The stock market kept rising on Tuesday, sending major market benchmarks to new all-time highs once again. Fed Chair Janet Yellen testified in front of Congress today, and her remarks seemed to support the idea that the U.S. economy remains strong and the central bank stands ready to continue its planned steady increase of short-term interest rates throughout 2017. Even with positive sentiment, however, some stocks missed out on the rally. Northern Dynasty Minerals (NYSEMKT:NAK), Tile Shop Holdings (OTC:TTSH), and Flowers Foods (NYSE:FLO) were among the worst performers on the day. Below, we'll look more closely at these stocks to tell you why they did so poorly.
Northern Dynasty faces an attack
Northern Dynasty Minerals stock plunged 22% after analysts at Kerrisdale Capital released a report that included an assertion that shares of the copper and gold mining exploration company are "worthless." The report asserts that other, larger mining companies have abandoned past efforts to develop the Pebble property due to economic concerns. However, Northern Dynasty struck back, terming the report a "short and distort campaign" and promising a point-by-point rebuttal of Kerrisdale's points in the near future. The stock bounced off its lows following Northern Dynasty's response, but some investors will want to look closely at what the exploration company says before making a final decision on the stock's future prospects.
Tile Shop falls through the floor
Shares of Tile Shop Holdings were down 14% in the wake of the release of the company's fourth-quarter financial report. Tile Shop said that its revenue for the quarter rose almost 7%, but a 3.1% rise in comparable-store sales was far slower than the full-year comps growth of 7.6% that it achieved throughout 2016. Tile Shop also said that it had initiated a quarterly cash dividend, with the initial $0.05-per-quarter payment corresponding to a dividend yield of just over 1%. Yet CEO Chris Homeister acknowledged that the holiday quarter came in "at the low end of our expectations, driven by both lower revenue and abnormally high costs associated with employee benefits." However, with guidance for 2017 including comps growth in the low to mid-single digits, investors seemed dissatisfied with the prospects for Tile Shop to continue its former pace of growth.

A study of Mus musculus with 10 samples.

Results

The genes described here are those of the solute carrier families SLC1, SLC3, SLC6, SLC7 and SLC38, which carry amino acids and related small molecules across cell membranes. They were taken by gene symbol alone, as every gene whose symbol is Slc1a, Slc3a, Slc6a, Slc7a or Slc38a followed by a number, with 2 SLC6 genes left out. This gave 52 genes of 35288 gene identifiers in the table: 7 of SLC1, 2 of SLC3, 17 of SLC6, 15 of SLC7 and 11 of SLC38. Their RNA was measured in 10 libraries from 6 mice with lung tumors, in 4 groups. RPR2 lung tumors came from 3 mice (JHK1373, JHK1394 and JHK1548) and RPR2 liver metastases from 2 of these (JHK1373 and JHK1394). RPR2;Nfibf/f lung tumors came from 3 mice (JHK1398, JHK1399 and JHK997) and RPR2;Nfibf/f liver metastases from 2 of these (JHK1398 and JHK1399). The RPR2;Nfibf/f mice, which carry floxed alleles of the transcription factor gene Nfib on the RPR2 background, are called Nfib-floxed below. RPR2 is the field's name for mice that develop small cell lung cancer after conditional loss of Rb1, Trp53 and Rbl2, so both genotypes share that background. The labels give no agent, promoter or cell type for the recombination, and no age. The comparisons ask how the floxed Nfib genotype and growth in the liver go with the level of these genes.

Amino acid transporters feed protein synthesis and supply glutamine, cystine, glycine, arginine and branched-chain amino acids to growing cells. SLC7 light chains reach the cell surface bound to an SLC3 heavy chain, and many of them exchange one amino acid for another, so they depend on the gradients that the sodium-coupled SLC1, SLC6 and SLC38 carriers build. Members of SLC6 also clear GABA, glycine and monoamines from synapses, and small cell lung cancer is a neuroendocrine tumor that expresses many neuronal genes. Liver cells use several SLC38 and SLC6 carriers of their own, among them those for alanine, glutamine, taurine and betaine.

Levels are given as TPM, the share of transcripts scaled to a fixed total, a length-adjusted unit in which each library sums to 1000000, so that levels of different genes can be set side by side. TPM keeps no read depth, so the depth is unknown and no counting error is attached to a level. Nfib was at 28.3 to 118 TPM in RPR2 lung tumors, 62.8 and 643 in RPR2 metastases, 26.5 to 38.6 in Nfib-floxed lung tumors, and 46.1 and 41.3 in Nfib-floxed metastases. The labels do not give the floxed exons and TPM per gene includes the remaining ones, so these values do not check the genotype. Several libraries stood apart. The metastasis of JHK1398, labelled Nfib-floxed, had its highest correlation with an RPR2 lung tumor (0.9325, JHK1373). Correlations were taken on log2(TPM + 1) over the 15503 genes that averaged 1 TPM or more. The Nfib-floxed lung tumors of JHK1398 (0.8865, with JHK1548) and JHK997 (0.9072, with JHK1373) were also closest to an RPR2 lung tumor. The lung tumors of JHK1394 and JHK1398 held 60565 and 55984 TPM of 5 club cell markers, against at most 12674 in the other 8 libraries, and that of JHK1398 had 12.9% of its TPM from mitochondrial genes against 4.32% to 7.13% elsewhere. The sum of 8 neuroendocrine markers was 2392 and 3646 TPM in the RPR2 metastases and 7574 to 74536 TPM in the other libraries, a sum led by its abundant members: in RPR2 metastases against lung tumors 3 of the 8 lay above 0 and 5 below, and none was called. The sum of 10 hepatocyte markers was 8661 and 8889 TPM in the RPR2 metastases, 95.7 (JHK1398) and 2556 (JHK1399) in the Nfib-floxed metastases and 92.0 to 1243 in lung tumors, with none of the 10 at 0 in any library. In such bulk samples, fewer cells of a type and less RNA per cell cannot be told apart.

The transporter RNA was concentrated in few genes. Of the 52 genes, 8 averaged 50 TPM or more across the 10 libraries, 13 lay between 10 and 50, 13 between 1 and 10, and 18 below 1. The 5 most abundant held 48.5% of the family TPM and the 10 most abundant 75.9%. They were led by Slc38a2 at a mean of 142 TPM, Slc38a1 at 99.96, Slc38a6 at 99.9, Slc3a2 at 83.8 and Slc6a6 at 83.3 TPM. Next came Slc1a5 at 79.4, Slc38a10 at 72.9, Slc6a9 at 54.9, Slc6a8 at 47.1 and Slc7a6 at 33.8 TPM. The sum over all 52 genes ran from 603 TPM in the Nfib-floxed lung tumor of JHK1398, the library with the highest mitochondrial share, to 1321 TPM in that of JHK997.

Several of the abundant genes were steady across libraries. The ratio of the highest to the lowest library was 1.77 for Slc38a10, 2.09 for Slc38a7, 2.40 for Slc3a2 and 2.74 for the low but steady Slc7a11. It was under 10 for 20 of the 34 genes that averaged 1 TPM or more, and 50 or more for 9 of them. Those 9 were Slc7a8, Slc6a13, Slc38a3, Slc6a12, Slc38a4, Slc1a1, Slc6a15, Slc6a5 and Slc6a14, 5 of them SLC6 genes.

Flowers Foods goes stale
Finally, Flowers Foods stock declined 9%. The bakery company saw only sluggish growth during its fourth quarter, including sales gains of just over 1% and adjusted net income increasing just 0.5%. Weak sales in the company's warehouse segment held back modest gains in Flowers' direct store delivery business, and calls for just 0% to 2% increases in revenue for fiscal 2017 were also disappointing. Flowers has worked hard with its Project Centennial initiative to get its core business moving forward more aggressively, but the company thinks that the full benefits of its efforts might not appear in its financials during the current fiscal year. Until it does, some investors appear dubious about Flowers Foods' ability to keep moving in the right direction in line with its long-term strategic vision.